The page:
TOKYO -- Japanese plant engineering company Chiyoda on Friday projected a net loss of 105 billion yen ($923 million) for the year through March owing to a heavily-delayed U.S. liquefied natural gas plant and said it was discussing financial support with leading shareholder Mitsubishi Corp.
The Yokohama-based company is "discussing all possibilities with Mitsubishi," Chiyoda President and CEO Masaji Santo told analysts in Tokyo, while avoiding naming specific measures such as a capital increase amid a barrage of questions.
For the first half, Chiyoda logged a net loss of 108.6 billion yen, compared with a profit of 3.4 billion yen the year before. The company's net worth stood at 47.5 billion yen -- a sharp drop from its 157.6 billion yen in equity at the end of March -- for an equity ratio of just 13%.
That prompted Chiyoda to approach Mitsubishi for funding support to make sure it could still bring in orders. From a standpoint of creditworthiness, plant builders are seen needing an equity ratio of around 30% or else they will have trouble winning orders for large, multiyear projects.
Restructuring steps the company laid out appeared to fall far short of plugging the gap. Chiyoda outlined plans to cut costs by about 10 billion yen through re-examining its network of overseas sites and other measures, a sum that pales in comparison to its losses. The company may be pressed to streamline further, such as with staffing cuts.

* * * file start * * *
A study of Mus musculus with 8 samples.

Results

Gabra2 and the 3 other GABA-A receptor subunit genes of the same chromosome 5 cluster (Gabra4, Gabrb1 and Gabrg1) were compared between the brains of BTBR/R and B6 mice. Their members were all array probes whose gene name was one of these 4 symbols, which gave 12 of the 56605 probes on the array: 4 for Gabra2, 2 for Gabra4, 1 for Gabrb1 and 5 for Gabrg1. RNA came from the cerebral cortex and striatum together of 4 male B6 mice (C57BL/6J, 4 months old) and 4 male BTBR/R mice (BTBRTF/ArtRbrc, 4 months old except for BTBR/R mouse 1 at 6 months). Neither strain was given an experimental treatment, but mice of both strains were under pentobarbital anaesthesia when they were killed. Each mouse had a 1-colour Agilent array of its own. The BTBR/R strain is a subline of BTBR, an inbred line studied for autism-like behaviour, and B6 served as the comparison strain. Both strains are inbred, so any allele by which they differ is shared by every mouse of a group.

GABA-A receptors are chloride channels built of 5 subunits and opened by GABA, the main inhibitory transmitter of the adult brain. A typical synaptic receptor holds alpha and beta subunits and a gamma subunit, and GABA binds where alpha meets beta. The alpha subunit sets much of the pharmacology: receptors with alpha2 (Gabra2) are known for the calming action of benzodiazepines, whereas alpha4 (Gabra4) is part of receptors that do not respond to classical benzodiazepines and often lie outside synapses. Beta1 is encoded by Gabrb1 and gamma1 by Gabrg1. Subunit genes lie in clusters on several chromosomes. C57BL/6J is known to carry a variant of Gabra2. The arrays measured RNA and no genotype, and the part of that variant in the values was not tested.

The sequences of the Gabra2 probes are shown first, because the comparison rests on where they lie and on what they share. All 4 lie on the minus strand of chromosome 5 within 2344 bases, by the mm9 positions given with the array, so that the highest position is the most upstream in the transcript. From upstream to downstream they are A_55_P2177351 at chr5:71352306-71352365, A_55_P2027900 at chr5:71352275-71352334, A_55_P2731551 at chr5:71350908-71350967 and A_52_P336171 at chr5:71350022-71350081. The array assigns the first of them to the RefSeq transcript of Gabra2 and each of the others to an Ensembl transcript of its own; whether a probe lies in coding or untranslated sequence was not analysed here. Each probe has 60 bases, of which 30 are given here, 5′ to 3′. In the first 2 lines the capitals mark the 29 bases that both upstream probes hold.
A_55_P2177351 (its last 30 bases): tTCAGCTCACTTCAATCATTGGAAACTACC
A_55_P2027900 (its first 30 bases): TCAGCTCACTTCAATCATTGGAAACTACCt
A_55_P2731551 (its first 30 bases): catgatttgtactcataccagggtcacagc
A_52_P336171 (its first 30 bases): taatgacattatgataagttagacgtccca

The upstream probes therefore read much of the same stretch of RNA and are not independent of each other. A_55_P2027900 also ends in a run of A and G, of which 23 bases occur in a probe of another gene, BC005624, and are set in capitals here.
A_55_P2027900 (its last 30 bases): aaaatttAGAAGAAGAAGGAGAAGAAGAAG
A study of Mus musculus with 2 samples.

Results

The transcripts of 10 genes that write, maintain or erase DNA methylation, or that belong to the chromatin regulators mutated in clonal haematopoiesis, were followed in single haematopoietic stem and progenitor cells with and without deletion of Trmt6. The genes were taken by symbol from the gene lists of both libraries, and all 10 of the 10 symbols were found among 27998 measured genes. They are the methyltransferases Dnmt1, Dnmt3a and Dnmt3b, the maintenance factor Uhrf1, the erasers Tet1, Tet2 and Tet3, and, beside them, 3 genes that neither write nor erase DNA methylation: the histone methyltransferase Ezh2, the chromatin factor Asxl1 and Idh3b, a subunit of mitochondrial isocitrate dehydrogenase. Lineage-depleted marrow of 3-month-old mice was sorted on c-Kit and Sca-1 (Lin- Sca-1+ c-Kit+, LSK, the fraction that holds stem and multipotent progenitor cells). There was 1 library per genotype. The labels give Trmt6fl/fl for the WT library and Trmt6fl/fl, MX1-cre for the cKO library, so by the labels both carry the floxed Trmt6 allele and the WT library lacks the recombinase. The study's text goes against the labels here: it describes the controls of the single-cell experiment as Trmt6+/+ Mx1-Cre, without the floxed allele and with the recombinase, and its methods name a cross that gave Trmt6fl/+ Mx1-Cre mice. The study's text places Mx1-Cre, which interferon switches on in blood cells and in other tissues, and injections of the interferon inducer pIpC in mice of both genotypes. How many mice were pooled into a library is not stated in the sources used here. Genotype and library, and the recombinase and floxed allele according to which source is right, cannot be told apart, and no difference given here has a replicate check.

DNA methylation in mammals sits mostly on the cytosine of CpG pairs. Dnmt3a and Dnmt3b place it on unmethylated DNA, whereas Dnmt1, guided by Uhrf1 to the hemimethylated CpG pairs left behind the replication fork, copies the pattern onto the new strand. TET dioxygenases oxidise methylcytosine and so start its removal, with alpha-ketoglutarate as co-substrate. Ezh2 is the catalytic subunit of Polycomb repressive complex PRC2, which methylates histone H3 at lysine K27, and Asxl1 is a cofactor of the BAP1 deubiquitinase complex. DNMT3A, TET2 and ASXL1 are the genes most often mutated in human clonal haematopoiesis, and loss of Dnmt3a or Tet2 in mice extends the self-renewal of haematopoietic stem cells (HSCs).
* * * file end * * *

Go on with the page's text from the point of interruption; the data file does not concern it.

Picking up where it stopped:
Chiyoda's stock briefly rose on Friday, but as disappointment with the restructuring plan spread, selling increased in the afternoon, with the shares touching a 10-year low at one point.
At the company's Cameron LNG project in the U.S. state of Louisiana, where construction has been underway since 2014, a shortage of workers caused labor costs to swell, leading the company to log about 85 billion yen in added costs. That marked a rapid escalation from its August announcement that it would face 5 billion yen in additional costs, prompting an executive at key lender MUFG Bank to express astonishment that Chiyoda's earnings "would worsen so quickly."
The situation has stirred discussion of taking a look at Chiyoda's management structure, as well as its measures to prevent a recurrence, as the situation mirrors past incidents in which insufficient oversight landed the builder with huge losses.
Chiyoda had to seek an external lifeline in 2000, when it faced repeated losses on a number of projects. It eventually had loans forgiven by lenders including the forerunner to MUFG, and received capital increases from Mitsubishi and other rescuers. The engineering company was forced to take such drastic steps as cutting its staff by about two-thirds.
At present, the environment for orders is improving. Chiyoda in September won a contract to build an ethylene plant in the U.S. state of Texas, and it has a prospective offer to build LNG facilities in Mozambique. It plans to set up an independent task force to help improve risk management as it works to revise its sloppy oversight, hoping to be able to rebuild trust.